By Colin Campbell

Colin Campbell

I may be misreading my fellow passengers when I catch the bus down town but I doubt if very many of the pension age people who board it have £2600 as a monthly income, if they’re single, or nearly £3500 if they’re part of a married couple.

But according to a new report these are the amounts needed to maintain a “moderate” lifestyle in retirement these days. That’s only moderate mind you, half a crown or so above “basic”. For a “comfortable” lifestyle a single person needs £43,000-a-year, and a couple need £59,000.

If these figures had been produced by some cold caller firm of pension spivs they would have received little or no attention. But they come from the reputable Pensions and Lifetime Savings Association, which must at least be afforded some credibility. Although with these kind of estimations I’d say they’ve pretty much blown it.

Their definition of “comfortable” does not include an annual holiday in Barbados or a balcony cabin on a luxury cruise around the Med.

To many pensioners getting by on an awful lot less than £59,000 they will seem highly inflated, if not completely absurd.

But they’re indicative of other notable claims about money and “need” we’ve seen in recent times.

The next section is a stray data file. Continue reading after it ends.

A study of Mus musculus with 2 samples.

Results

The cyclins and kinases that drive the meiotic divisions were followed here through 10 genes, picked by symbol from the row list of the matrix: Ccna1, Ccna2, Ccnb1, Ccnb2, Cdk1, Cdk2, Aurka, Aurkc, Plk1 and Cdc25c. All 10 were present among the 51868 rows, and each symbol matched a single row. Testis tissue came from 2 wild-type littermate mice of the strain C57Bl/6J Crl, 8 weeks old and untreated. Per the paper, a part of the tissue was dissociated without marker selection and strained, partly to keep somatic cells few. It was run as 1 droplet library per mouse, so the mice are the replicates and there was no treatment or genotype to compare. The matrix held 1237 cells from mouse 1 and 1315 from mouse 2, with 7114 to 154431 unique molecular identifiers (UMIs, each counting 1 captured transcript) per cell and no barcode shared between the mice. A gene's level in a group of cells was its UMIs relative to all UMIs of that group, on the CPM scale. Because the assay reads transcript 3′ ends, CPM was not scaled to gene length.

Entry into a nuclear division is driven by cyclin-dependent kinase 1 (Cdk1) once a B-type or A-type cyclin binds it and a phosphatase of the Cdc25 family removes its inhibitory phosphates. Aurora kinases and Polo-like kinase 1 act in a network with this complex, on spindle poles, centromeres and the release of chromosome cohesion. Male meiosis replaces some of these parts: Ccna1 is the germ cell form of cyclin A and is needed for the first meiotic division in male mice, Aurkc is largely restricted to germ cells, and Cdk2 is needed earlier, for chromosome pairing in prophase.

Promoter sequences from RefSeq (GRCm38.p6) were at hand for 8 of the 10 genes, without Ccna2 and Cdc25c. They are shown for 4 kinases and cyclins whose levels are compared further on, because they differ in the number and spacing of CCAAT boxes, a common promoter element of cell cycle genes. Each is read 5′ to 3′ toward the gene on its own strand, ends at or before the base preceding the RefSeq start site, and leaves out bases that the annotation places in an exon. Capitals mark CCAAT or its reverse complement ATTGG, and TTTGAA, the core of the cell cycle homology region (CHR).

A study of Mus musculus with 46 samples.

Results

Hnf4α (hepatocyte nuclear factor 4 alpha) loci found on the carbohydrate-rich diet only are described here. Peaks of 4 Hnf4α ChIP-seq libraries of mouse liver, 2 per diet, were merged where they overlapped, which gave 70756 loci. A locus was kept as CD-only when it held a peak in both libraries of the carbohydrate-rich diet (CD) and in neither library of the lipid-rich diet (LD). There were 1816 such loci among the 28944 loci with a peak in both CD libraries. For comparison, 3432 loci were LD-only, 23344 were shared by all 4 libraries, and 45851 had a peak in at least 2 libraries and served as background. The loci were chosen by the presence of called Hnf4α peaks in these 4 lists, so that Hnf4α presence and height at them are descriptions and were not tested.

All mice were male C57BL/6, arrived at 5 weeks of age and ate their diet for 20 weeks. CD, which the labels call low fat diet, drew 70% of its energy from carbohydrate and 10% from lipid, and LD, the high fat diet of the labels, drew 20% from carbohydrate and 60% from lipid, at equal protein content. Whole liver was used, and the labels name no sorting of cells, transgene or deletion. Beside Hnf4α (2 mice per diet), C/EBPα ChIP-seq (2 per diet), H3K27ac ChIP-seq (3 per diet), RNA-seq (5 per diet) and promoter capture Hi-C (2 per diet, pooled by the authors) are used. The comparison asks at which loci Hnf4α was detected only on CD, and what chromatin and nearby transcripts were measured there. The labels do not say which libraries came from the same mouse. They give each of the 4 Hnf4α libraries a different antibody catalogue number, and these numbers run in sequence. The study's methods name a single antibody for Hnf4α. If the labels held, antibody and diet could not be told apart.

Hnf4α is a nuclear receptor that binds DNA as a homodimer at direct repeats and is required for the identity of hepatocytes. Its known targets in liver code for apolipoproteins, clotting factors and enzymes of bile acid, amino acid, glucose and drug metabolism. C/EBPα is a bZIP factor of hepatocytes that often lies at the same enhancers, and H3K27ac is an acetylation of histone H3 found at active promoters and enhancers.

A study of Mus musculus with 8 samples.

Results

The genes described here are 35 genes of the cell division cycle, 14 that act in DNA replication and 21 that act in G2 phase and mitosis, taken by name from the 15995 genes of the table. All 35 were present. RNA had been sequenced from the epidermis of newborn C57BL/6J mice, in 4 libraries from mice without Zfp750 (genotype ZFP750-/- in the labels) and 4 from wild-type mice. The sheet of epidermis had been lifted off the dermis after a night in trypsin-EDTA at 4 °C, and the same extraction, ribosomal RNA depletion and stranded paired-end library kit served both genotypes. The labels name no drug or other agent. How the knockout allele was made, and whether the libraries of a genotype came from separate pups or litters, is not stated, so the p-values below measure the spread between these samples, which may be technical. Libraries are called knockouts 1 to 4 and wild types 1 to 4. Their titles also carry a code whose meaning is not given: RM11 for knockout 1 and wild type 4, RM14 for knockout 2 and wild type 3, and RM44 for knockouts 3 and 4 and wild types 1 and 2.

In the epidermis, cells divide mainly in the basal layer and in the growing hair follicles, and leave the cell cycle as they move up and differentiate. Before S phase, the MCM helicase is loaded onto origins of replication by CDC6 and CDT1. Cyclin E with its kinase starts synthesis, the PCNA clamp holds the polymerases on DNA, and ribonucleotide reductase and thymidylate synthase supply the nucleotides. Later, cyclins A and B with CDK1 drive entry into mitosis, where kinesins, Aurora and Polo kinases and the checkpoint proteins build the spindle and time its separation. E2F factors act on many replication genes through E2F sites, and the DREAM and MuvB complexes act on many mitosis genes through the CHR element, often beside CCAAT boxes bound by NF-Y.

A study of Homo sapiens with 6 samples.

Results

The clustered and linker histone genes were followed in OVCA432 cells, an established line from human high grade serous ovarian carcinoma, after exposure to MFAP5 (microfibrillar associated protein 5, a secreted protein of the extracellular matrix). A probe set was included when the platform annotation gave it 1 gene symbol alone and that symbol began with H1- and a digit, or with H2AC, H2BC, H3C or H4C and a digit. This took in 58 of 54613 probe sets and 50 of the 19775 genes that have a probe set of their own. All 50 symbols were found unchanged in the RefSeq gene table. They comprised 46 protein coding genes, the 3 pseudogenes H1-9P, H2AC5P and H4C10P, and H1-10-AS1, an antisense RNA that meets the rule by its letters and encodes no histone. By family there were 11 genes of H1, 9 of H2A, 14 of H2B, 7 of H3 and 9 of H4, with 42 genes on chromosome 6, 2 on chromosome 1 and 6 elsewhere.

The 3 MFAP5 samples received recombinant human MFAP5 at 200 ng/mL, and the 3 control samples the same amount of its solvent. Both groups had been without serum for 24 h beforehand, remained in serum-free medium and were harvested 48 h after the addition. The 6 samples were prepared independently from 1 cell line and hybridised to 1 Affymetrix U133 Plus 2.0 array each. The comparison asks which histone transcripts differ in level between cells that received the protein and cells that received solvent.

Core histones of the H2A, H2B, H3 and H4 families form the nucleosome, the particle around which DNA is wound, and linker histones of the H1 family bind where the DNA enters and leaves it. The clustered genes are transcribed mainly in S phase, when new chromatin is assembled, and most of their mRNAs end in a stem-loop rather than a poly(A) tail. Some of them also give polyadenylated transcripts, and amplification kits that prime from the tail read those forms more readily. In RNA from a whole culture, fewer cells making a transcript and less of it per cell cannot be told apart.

We are still in the era of the “cost-of-living crisis” and there’s no doubt some people are struggling.


Was there any truth in these claims? They were presumably intended to evoke sympathy. I thought at the time that anyone failing to budget on a very decent income and needing to use a food bank deserved no sympathy at all. They were in fact scrounging away scarce resources from those who were genuinely in need.

Following a 10 per cent increase last year, the state pension again will increase in May to a maximum of over £10,000. That’s scarcely a huge amount.

But even a modest additional top-up of a private or work pension would still leave most people thousands upon thousands short of what’s needed for a “comfortable” lifestyle, apparently.

Dangling the absurd claim that a pensioner living alone needs in excess of £40,000 to achieve that misses one key point.

The mindset among many older folk does not place a priority on what they supposedly need and must have in this age of ever-more alluring invitations to spend, whether on foreign holidays, stupendously expensive mobile phones or the very latest ultra hi-def 60 inch television, only to then be left wondering how on earth to pay for it all.

We were to an extent fortunate to advance in years in different and less materialistic times, and thus are aware of the very old fashioned need to know first and foremost what you can actually afford, and then tailor your budget, your lifestyle and your requirements to fit. That outlook may not afford instant gratification, but it remains the best way to achieve “comfortable” peace of mind.